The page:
Busted! I Know Who You Are continues to be an enjoyable and bizarre diversion with “Kwang-soo, A Murderer” and “Messages from the Dead”, the third and fourth episodes of Netflix’s new k-variety show.
And so continue my wacky misadventures in the world of k-variety television, which I continue to know very little about, and which I suspect might be some elaborate ploy by the Korean people to hypnotise the West and stealthily infiltrate our streaming services with more of the same. This week’s episodes of Busted! I Know Who You Are, Kwang-soo, A Murderer and Messages from the Dead, continued to present the charismatic cast with capsule mysteries to solve in a blend of mini-games and bouts of subtitled deliberation.
As before, reviewing this show in the typical sense is somewhat pointless given my unfamiliarity with the genre and the fact that I suspect it might be immune to such things anyway. But as I continue to watch and write about Busted! for no reasons greater than curiosity and, frankly, website traffic, I’m treating the whole enterprise as a learning experience, to be helped along by periodic Googling and an enthusiastic k-variety commentariat, a member of which last week suggested that he couldn’t watch “American flicks” because the faces of the stars were “disgusting”.
“Kwang-soo, A Murderer” turns the tables on one of the cast, Lee Kwang-soo, who as I understand it has worked for several years with Yoo Jae-suk, Busted!’s de factor leader, on the show Running Man. That show is, as I understand it, the most popular k-variety show of all time and is still running today. You probably shouldn’t confuse it with the 1987 film of the same name starring Arnold Schwarzenegger, in which players must compete in order to escape certain death for the amusement of a totalitarian future-state.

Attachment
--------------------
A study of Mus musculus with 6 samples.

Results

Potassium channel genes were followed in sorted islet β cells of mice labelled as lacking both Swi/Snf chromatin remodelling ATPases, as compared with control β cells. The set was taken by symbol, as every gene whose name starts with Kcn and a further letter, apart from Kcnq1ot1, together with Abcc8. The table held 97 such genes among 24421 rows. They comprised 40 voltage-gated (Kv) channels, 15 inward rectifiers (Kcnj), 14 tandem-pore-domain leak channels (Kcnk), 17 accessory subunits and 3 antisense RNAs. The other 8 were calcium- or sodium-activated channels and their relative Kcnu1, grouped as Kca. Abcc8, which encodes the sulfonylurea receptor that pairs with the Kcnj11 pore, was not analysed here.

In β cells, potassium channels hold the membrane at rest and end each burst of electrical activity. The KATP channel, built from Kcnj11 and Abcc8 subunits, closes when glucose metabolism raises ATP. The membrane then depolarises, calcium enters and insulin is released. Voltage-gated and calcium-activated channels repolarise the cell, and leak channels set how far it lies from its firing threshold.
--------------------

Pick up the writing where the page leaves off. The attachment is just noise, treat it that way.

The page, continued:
“Kwang-soo, A Murderer” seems designed to leverage the chemistry between Kwang-soo and Jae-suk, which has been notable in the show since the first two episodes, rapport between the cast being something that, given the nature of the format, usually takes a while to develop. The episode also runs for 77 minutes, which is shorter than the previous two. Is this a feature of k-variety shows, that they get shorter and shorter until they don’t air anymore? It’d be a neat gimmick. Do let me know me.
Of course, Busted! is airing two episodes at a time, and will continue to for another three weeks, so we’re not in danger of it disappearing just yet. Thus: “Messages from the Dead”, episode four, which at just 75 minutes is shorter still, concerns the diary of a dead girl discovered by Jong-min, and the detectives gather at her school to investigate her demise.
I’m led to believe that Busted!’s scripting is one of its noteworthy characteristics, such things usually being mostly improvised. Which would make sense, given how kindly Netflix have treated the show, with a weekly distribution model and two episodes a week gracing the platform’s front page. I do wonder why we need two at a time, especially given that they’re longer-than-average as far as television goes, but no matter. Perhaps it’s easier to gauge general interest if the season runs its course quicker.
But the scripting and the scale of the show guarantee a baseline level of quality which it has met consistently thus far, and continues to in both “Kwang-soo, A Murderer” and “Messages from the Dead”. I enjoy the show’s production, especially the block-caps clues and objective checklists that grace the screen whenever something of note pops up – which is all the time – and the show’s weird fusion of childish playfulness and distinctly adult themes and concepts continues to be oddly compelling.
I still don’t feel I’m in a position to properly grade Busted!, so I’ve given “Kwang-soo, A Murderer” and “Messages from the Dead” the usual three-star treatment on the basis that I continue to enjoy the show even if it’s decidedly unusual to the typical Western consumer. I’m all for new stuff, of course, and I’ll continue to tune in and document my learning experience as I go, hopefully with the help of fans who know much more than I do. Which I suspect is all of them.
Jonathon is the Co-Founder of Ready Steady Cut and has been Senior Editor and Chief Critic of the outlet since 2017.